Jennifer Ludden

Jennifer Ludden is a correspondent on NPR's National Desk. She covers a range of stories on family life and social issues.

In recent years, Ludden has reported on the changing economics of marriage, the changing face of retirement as the baby boomers enter old age, and the ethical challenges of modern reproductive technology.

Ludden helped cover national security after the 9/11 attacks, then reported on the Bush administration's crackdown on illegal immigrants as well as Congressional efforts to pass a sweeping legalization. She traveled to the Philippines for a story on how an overburdened immigration bureaucracy keeps families separated for years, and to El Salvador to profile migrants who had been deported or turned back at the border.

Prior to moving into her current assignment in 2002, Ludden spent six years as a foreign reporter for NPR covering the Middle East, Europe, and West and Central Africa. She followed the collapse of the decade-long Oslo peace process, shared in two awards (Overseas Press Club and Society of Professional Journalists) for NPR's coverage of the Kosovo war in 1999, and won the Robert F. Kennedy award for her coverage of the overthrow of Mobutu Sese Seko in the Democratic Republic of Congo.

When not navigating war zones, Ludden reported on cultural trends, including the dying tradition of storytellers in Syria, the emergence of Persian pop music in Iran, and the rise of a new form of urban polygamy in Africa.

Before joining NPR in 1995, Ludden reported in Canada, and at public radio stations in Boston and Maine.

Ludden graduated from Syracuse University in 1988 with a bachelor's degree in English and Television, Radio and Film Production.

2:20 am
Thu December 13, 2012

Finding A Child Online: How The Web Is Transforming Adoption

Eric James and his partner, Zerxes Spencer, have spent the past year looking to adopt. To speed up the arduous process, the couple built a website about their lives to draw in interested birth mothers.
Courtesy of Eric James

Originally published on Thu December 13, 2012 8:03 am

When Eric James and his partner, Zerxes Spencer, decided to adopt last year, they signed on with Adoptions Together, a reputable agency close to their home in Maryland. They attended the agency's seminars to learn about the process, met other "waiting parents" and formed personal bonds with the staff. But there was just one problem.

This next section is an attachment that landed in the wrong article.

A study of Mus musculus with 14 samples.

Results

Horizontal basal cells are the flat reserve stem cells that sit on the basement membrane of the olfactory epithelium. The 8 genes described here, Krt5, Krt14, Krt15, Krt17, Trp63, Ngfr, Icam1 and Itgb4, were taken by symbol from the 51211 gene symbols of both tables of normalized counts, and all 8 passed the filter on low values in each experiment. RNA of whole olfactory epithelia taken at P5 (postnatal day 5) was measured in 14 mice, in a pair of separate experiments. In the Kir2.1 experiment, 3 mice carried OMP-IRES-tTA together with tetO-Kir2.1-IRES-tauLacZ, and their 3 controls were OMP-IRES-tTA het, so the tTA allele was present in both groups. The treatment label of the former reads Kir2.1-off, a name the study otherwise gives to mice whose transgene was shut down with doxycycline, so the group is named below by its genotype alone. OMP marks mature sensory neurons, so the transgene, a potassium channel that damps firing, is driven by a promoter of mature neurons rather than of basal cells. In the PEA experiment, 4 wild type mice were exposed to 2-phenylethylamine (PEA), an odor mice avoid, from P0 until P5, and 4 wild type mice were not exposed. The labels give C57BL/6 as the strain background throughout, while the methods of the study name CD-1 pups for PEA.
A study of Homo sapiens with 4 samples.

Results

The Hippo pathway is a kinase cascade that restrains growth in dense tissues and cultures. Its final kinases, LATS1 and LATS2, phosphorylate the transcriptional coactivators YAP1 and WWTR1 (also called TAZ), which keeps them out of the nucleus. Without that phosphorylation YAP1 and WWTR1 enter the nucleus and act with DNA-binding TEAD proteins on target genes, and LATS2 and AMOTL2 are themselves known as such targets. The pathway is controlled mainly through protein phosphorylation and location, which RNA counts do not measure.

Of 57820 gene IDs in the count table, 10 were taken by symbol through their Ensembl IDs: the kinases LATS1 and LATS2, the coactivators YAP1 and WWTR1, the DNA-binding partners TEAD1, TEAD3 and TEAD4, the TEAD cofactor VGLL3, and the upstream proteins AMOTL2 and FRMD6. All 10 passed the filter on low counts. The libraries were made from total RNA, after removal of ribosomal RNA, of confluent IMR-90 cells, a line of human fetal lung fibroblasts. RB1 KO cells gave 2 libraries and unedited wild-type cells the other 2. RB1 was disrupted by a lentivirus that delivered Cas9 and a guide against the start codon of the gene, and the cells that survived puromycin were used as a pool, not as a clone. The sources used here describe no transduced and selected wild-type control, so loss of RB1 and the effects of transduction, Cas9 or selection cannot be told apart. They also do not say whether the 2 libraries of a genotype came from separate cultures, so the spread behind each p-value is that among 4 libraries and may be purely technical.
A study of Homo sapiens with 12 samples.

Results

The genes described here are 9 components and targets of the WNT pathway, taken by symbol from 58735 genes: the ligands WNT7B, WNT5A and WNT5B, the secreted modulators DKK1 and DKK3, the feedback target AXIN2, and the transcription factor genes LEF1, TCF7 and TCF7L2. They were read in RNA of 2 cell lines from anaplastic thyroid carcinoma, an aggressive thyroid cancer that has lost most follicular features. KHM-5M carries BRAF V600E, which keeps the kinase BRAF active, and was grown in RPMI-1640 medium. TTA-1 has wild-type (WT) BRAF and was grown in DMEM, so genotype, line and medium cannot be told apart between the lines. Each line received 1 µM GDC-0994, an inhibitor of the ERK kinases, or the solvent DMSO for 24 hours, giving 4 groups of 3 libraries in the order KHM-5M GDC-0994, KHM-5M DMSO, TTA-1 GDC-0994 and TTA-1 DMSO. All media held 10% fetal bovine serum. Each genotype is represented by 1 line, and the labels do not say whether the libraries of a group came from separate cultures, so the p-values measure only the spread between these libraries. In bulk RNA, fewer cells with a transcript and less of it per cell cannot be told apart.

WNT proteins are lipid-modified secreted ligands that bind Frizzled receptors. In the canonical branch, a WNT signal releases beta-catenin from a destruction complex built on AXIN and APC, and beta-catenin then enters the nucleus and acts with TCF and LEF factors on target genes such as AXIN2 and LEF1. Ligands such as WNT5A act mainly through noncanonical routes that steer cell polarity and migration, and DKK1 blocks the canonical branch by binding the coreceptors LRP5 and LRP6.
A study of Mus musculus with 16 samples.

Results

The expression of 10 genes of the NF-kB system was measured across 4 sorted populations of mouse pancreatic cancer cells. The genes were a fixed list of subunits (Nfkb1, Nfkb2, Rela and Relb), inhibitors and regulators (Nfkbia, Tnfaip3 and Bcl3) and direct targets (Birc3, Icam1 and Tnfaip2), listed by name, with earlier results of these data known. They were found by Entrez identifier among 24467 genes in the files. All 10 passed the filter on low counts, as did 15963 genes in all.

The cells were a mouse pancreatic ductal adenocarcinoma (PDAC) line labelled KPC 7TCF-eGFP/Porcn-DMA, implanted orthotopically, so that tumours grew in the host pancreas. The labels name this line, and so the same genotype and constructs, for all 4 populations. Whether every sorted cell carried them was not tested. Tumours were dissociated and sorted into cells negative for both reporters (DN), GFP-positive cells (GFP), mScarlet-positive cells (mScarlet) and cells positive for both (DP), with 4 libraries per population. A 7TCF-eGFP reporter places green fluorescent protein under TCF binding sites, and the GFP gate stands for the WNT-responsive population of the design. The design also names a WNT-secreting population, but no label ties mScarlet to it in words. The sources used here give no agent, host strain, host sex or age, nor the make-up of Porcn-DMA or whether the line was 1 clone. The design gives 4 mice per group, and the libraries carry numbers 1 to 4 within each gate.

4:43 pm
Thu November 29, 2012

In Wake Of Recession, Immigrant Births Plunge

A new report finds the U.S. birth rate has dropped to its lowest level on record. It's fallen twice as much among the foreign-born.
iStockphoto.com

Originally published on Thu November 29, 2012 5:45 pm

A new report finds the U.S. birth rate has dropped to its lowest level on record, led by a dramatic decline in births among immigrant women. The trend has been visible at La Clinica del Pueblo, a nonprofit in Washington, D.C., that holds a weekly neonatal clinic.

2:57 pm
Wed November 21, 2012

Parent Over Shoulder: Apps Help Mom Snoop Online, But Should She?

As more teens get mobile devices, parents are using apps to track their every tweet and post.
iStockphoto.com

Originally published on Wed November 21, 2012 4:57 pm

When his teenage son ventured into social media, Virginia father Mike Robinson wanted to make sure he could keep tabs on him. Robinson works in IT, so he rigged a surveillance system that works no matter what kind of device either of them is on.

"It's sort of like a version of remote desktop that enables you to run the program kind of silently in the background," Robinson says.

One day, checking in from his iPhone, Robinson discovered that his son had come across an adult meet-up site on Facebook.

2:47 am
Wed October 17, 2012

Home Health Aides Often As Old As Their Clients

Onether Lowery, 80, (standing) is a home health aide for Rosalie Lewis, 86. As a whole, the aides are largely female and far older than women in the general workforce.
Jennifer Ludden NPR

Originally published on Wed October 17, 2012 11:03 am

In a red brick rambler in a Maryland suburb of Washington, D.C., Onether Lowery begins her daily shift as a caregiver. She skillfully helps 86-year-old Rosalie Lewis into her electric wheelchair, holding her from the back, then bending over to ease her down.

It's an impressive feat: Lowery herself is 80 years old.

"My mother, she was 89 when she passed away," Lowery says. "I took care of her and I just fell in love with older people. I get along with them very well."

3:37 pm
Tue October 16, 2012

Home Health Aides: In Demand, Yet Paid Little

Home health aide trainees Marisol Maldonaldo (center) and Nancy Brown (right), shown here with assistant instructor Miguelina Sosa, are studying to join one of the nation's fastest growing yet also worst paid sectors of the workforce.
Jennifer Ludden NPR

Originally published on Wed October 17, 2012 2:29 pm

The home care workforce — some 2.5 million strong — is one of the nation's fastest growing yet also worst paid. Turnover is high, and with a potential labor shortage looming as the baby boomers age, there are efforts to attract more people to the job.